Effects of wheelbase
How does wheelbase affect performance? I'm getting a new comfort bike and I'm curious about how wheelbase will affect performance.
Looking at (mainly) these two bikes - 20" in the Trek, XL in the Specialized.
All things equal, I'd get the Specialized because the LBS that carries Trek had pretty poor service when I stopped in and the Specialized has a better rear derailer, longer chainstay (to clear the panniers) and I like the shifter routing on the Specialized better. I've had good experiences with both brands in the past.
However, I've come across a "like new" Trek that I can pick up for ~$150 less than the Specialized.
Main use will MUPs and I tow my daughter around a bit and will probably get a Copilot-Limo rack/chair sometime in the future. Light communting (~10 miles round trip) - mainly groceries and other errands. I'll probably throw some 28mm tires on the bike to amp up performance a bit. May do some dirt trails here and there, but ~95%+ I'll be on paved trails/roads. BTW, the main reason for comfort bike is an old upper back injury that acts up if I spend too much time hunched over a road bike or I'd go with a Hybrid. That said, I'll get in a nice tuck and haul bootie every so often.
If there is a significant advantage/disadvantage to the ~3 inch longer wheelbase on the Specizlized, then that may sway my decision.
Dude, this is a very complex topic.
Bike geometry is as much an art as it is an engineering science. Generally wheelbase effects turning ratio but there is a lot of other factors too.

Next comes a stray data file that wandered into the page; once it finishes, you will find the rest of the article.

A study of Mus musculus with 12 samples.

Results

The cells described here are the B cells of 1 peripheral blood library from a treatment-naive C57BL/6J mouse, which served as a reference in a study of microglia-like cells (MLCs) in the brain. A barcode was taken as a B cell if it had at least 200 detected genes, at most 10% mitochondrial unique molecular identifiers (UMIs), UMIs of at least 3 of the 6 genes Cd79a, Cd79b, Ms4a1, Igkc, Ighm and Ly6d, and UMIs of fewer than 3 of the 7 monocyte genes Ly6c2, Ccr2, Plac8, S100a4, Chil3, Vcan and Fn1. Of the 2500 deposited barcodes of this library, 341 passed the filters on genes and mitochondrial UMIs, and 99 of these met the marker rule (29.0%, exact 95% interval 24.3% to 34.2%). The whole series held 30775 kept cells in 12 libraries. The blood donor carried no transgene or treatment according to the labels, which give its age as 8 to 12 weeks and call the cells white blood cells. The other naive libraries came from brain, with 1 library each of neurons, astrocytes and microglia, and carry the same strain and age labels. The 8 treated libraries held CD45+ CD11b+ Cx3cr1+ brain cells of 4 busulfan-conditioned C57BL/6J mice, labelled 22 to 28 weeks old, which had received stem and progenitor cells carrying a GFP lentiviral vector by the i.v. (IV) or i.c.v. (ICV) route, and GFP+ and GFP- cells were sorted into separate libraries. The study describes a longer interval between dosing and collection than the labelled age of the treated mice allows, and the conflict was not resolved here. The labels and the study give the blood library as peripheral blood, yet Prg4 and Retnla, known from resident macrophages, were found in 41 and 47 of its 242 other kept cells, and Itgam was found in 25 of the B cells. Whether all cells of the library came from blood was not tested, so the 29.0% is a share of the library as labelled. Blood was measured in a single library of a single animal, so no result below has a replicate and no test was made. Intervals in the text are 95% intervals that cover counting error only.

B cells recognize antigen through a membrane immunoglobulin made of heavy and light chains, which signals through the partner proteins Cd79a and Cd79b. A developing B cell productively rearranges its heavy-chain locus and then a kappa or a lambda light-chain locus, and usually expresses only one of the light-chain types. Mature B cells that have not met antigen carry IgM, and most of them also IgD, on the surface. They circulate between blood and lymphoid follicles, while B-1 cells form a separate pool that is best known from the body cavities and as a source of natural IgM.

You just have to throw a leg over and ride somtimes to make a decision.
In general, a short wheelbase will give a more lively, maneuverable ride while a long wheelbase will provide a more relaxed ride and clearance for panniers. Ride a few bikes with different geometries and figure out what works best for you.
Insane Bicycle Mechanic
On bare bikes, you'll probably never know the difference if you never switch between bikes. However, since you're going to be hauling/towing a load, I would say that the longer wheelbase greatly increase the utility of the bike.
Originally Posted by Jimi77
Remember: it's a bike. It won't get any faster if you don't improve the engine. Just get the bike and ride a lot. You'll get faster.
Wheelbase has very little meaning when comparing bikes of similar size.
The chainstay length is important for load-carrying with panniers.
Distance from bottom bracket to front hub is important for eliminating toe/wheel interference when steering at low speed.
The wheel-wheel distance is really set by the size of your bike for fitting the rider: saddle to bars to top tube length.
Wheelbase is an outcome of bike design, not an input or requirement.
If anybody cares, went with the Specialized Crossroad Elite. I didn't care for the plastic cage on the Sram x3 derailer and I've seen and heard of bad RST shocks on Trek Navigators, so that pushed me toward the Specialized. The Crossroad certainly doesn't handle like the smaller bikes, but I don't find myself flying around corners and blasting thru curves too much.